Restricted party screening is more than just screening for names of individuals and companies that appear on denied parties watch lists maintained by governments and other official organizations.
When looked at in its entirety, the screening process represents a mosaic of sanctions, debarments, and embargoes in addition to denied persons. The reasons for these debarments can be for any variety of reasons based on the regulations that apply. These include not only export violations, but also financial, criminal, regulatory, or healthcare violations.
As discussed in previous Trade Compliance 101 articles, looking for a name or company is critically important in the due diligence process, and everyone in the organization should be on the lookout to prevent violations. However, there should be another step in the process: Address screening, or address search.
“But wait,” you say, “you cannot debar a street, many businesses could operate there!”
True, but address screening isn’t the same as screening a name or company, where you are looking to match specifically against that entity. Address screening is about verification. It is about preventing or further mitigating the chance of doing business with a debarred party.
I have the address, now what?
The best way to mitigate risk is to have an effective compliance solution, and use a reliable source for addresses of the businesses and persons you are screening.
Matching an address for a restricted party, particularly when you do not have a match against the company you entered, could have implications in your overall ability to do business with that company. Is it a coincidence that the address is the same, or appears the same? Are they a subsidiary of the debarred party? What, if any, sanctions or embargoes apply?
It is always possible that the location contains multiple unrelated businesses, and that further review of the addresses and analysis will reveal that there is no connection between your potential customer and the one listed as debarred at that location. You are going to want to be able to prove that though, and have the details showing that you were fully aware of the situation.
So is the main concern that debarred companies will change their names?
That is one concern, as highlighted in this case, which details Chinese company, ZTE Corporation’s, efforts to deceive US suppliers using subsidiaries to facilitate shipments to Iran. Even after publicly admitting to the scheme and claiming to cease operations in Iran, ZTE had simply renamed its Iranian subsidiary, according to the findings.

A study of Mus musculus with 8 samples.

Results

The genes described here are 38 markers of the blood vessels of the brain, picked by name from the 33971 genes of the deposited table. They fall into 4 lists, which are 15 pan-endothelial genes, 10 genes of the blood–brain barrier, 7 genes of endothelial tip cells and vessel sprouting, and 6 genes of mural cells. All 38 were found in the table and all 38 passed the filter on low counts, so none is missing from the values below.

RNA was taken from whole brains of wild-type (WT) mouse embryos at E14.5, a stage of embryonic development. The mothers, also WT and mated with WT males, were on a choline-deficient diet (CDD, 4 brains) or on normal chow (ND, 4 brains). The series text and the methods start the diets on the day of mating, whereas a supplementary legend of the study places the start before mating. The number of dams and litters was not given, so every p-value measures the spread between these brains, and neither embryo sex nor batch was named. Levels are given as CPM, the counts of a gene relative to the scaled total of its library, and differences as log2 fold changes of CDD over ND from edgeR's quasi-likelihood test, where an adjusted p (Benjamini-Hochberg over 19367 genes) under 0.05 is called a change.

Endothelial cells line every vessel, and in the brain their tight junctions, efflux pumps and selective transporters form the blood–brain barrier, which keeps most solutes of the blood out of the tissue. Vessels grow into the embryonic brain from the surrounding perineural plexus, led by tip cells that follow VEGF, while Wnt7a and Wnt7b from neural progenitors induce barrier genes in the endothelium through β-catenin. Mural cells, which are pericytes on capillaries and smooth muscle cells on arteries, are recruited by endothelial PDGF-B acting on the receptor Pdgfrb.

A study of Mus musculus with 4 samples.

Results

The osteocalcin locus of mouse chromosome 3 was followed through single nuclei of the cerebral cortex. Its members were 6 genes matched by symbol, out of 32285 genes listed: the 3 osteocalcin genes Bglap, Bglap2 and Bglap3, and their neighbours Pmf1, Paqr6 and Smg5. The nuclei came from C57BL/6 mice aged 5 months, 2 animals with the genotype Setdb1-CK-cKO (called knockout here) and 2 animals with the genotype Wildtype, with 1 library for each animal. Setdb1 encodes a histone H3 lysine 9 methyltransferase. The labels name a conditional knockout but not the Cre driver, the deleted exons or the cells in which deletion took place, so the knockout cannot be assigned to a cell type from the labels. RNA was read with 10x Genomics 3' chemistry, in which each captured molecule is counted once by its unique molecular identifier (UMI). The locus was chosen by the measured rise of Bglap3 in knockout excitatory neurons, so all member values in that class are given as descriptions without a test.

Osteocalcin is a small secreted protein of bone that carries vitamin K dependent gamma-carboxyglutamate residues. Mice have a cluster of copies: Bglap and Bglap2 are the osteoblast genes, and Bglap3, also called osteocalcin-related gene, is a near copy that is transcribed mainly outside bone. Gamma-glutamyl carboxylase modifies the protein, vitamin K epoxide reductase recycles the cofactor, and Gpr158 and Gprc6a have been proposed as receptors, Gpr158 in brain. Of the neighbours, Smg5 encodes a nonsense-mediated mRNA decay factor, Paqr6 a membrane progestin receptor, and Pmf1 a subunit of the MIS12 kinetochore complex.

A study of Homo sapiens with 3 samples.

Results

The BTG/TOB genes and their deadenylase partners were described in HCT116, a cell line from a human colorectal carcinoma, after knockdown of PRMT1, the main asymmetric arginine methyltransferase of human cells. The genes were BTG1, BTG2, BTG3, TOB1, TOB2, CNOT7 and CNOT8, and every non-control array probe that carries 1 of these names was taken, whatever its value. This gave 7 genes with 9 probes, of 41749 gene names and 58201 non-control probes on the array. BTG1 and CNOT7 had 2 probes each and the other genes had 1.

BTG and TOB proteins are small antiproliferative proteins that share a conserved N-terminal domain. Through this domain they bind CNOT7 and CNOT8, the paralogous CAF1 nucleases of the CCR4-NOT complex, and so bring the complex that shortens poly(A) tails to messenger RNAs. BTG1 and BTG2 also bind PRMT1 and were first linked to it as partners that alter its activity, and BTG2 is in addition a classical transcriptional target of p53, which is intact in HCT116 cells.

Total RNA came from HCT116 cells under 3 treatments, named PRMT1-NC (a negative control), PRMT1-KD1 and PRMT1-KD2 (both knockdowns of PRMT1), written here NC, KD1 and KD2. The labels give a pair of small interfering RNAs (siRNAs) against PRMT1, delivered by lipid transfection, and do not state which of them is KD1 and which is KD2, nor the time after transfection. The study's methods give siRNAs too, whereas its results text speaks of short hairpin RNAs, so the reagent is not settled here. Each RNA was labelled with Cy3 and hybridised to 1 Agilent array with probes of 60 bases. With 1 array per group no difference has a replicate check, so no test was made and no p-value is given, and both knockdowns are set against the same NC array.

It appears to have taken several years before the US government authorities caught wind of the practice, but the new subsidiary name was ultimately added to the BIS Entity List.
Are there other concerns?
There have also been cases where exports or shipping has occurred due to inaccuracy, or possible fraud, related to addresses. Often, it is difficult to determine where the failure actually occurred—was the address incorrect intentionally? Was it a long address that did not follow a conventional format that was difficult to search?
Take a look at North Korea’s efforts to avoid the sanctions against that country. Fake addresses are at the core of this entire process. After all, you may be able to debar a named company, even if it is fake, or a real address where the fake company was located. But what about a fake address? If the address is truly fraudulent, and exists in no physical location, that information should be easy enough to unearth. But what if a fake business claims to be operating at a real address that doesn’t belong to them? Should the location of a neighborhood corner grocer be debarred by the authorities because some phony bank claims the location is theirs?
So what do we do?
The best course of action is simply due diligence, using a denied party screening tool that includes an address-only search function. You could also do it manually—using search engines, maps, and news articles—but this type of page-by-page verification tends to be time-consuming and a waste of precious work resources.
And, of course, document what you’re doing and the review you’ve performed. Unlike the unwitting companies in 2006, who could claim ignorance in order to mitigate the issue, government authorities have long since moved past allowing ignorance as a defense.
Regardless of the overall method, or methods, used, creating a standardized process to verify the location of your business parties will usually lead you down the right path.
A Glossary of Ideas in this article:
Address screening or checking: Address screening usually refers to the actual process of screening an address (without an individual or organization) against the various restricted party lists. Address checking can either be done through an automated tool, or via a manual process of viewing the location of the party being screened.
Verification: Verification, when used in the context of Restricted Party Screening, refers to the overall process of ensuring that the data is correct, that details about the party to be screened are true. Verification can take on different forms, from conducting a general web search to ensure that the business name given matches the official one, to checking that addresses are real and accurate.